Art by blackjack
Looking back, it certainly has been a wild, wild couple of months since we all started making this VN. Development has been progressing pretty well over this summer, despite most of us being busy with real-life work. Scenes are being edited as we speak. We're also busy working on the user interface that will be used in-game, and making sure the scenes flow correctly. As far as art is progressing, we're getting sprites made, and they're looking incredible!
With all this talk about sprites and scenes, what exactly are we making? A game? A novel?
The true answer is hard to determine. The 'select choice, get next scene' element of most visual novels isn't really 'gameplay' in a sense - the player merely follows a path. Many game experts would indeed be hesitant to call a visual novel a 'game', as there are no real challenges (aside from the dilemma of what option to choose) that directly affect gameplay.
But what happens when you start to add actual game elements? VNs like Policenauts or Kara no Shoujo (A VN that I have just started playing, thanks to alabaster) have interactive sequences where you have to investigate a scene or object that provide clues or insight for the player. This alone vastly changes the VN, as 'game play' becomes a vital part of the story. Succeeding in these sequences directly changes the end result, and vice versa.
So, what exactly am I attempting to say here? Is a visual novel really a game, or is it closer to a novel?
The answer is yes.
Visual novels share elements from both games and from novels, creating a final product that meets the requirements for both, but doesn't really fit into either category. Most game experts would hesitate to call it a 'game', seeing as it just barely meets the actual requirements to call it one. Novelists would also be on the fence, seeing as a good chunk of the story is told through the visual expression of the characters, and not through the text itself.
I would like to think that visual novels exist on a spectrum. This spectrum has increasing amounts of gameplay elements until you reach the line between the medium of Visual Novels and full fledged games. On one end, you have VNs with few or no choices, such as Dischan's recent title Juniper's Knot (sometimes called a Kinetic Novel). Then, as you start moving on the spectrum, you have the additions of choices - such as Katawa Shoujo - that branch out into their own predetermined paths depending on the player. Next you can see the addition of direct player interaction, such as choosing to head somewhere on a map or do a certain activity. This could result in an event that increases your favor with a certain girl, for example. This falls into the category of a 'dating sim', where choices are king. Events are triggered by the choice of the player, instead of the story continuing on a set path with a choice along the way.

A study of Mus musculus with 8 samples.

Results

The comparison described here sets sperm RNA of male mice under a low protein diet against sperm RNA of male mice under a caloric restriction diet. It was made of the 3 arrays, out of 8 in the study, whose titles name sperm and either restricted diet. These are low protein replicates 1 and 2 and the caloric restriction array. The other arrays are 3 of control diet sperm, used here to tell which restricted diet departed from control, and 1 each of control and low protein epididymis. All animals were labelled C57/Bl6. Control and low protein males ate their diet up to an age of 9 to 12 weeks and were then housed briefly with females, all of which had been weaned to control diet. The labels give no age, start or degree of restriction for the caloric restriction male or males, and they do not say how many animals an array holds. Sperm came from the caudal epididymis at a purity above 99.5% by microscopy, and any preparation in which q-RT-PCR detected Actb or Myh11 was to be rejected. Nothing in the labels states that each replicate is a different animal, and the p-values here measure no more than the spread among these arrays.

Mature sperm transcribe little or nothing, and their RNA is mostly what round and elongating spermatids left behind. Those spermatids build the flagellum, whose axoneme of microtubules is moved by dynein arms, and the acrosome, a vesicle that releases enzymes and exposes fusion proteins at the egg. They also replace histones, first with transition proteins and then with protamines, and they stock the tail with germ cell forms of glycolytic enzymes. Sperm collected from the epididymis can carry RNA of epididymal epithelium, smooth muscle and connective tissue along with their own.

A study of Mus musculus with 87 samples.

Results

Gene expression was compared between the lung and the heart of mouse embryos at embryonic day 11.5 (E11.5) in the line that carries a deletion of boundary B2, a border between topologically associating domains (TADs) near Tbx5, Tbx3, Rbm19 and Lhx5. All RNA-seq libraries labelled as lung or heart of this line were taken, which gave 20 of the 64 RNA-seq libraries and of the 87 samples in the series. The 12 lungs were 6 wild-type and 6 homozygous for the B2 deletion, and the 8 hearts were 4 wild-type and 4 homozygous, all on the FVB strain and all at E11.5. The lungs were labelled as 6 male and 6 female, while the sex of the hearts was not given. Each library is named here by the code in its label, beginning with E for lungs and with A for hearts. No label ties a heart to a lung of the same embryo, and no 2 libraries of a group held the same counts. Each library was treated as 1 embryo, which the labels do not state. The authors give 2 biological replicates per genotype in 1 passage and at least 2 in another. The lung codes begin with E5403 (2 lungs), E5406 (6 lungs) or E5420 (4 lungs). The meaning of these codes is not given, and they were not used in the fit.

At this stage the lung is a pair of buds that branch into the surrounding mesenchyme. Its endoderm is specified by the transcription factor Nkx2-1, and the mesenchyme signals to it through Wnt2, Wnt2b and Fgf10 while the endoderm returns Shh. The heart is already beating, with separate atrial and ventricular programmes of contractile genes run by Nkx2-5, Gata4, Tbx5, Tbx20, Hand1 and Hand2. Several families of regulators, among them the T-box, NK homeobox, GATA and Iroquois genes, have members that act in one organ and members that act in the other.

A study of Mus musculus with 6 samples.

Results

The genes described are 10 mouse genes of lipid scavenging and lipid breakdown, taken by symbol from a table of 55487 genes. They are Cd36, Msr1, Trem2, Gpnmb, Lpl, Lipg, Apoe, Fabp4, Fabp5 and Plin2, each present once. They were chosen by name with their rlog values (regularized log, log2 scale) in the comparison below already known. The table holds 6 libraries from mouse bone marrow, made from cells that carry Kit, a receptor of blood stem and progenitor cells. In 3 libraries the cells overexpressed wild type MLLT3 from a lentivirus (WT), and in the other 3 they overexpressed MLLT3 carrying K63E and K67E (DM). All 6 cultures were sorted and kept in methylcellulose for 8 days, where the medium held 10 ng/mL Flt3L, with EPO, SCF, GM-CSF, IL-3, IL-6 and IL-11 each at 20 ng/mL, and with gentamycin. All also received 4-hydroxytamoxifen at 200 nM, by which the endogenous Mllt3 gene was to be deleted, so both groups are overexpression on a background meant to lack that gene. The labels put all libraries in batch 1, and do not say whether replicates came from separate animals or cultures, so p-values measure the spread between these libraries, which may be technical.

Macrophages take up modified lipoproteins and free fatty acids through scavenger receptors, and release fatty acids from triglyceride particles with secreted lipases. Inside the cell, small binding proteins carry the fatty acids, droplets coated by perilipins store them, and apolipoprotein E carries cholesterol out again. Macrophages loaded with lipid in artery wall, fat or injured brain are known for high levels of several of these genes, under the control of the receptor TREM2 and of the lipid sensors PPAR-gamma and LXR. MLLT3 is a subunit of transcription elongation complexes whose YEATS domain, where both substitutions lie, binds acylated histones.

As we head further, you can see the addition of more player interaction, such as puzzles or minigames. Ace Attorney is a classic example of this - investigating scenes for clues, cross-examining witnesses - it all leads to you trying to solve the case. Granted, some of the puzzles take a big leap in logic for some players, but can feel so rewarding when finally solved.
At the very edge of the spectrum, it becomes difficult to determine if this piece of software you call a 'visual novel' is still a visual novel. Here, gameplay elements actually make it into, well, a game. Games like Persona 4 have elements of a dating sim, one that renders the relationships you make with your friends into an actual gameplay mechanic. Powerful Personas are made available as you deepen the bonds you have with your friends, and your party members will perform special techniques in order to help you and the team.
It's this point on the spectrum that I like to see most of all. When does a visual novel become a real game? Does it have to be when a certain element is added to the game? At what point does the visual novel become a mere mechanic of the game it's a part of?
Regardless of spectrum placement or definition, the visual novel is a fantastic medium to work in and play with. Seeing how Analogue: A Hate Story differs from 9 Hours, 9 Persons, 9 Doors makes me think a lot about my studies in game theory and development. So much has changed in the gaming world since the development of the home console and personal computer, and I'm glad to play my part in all of it.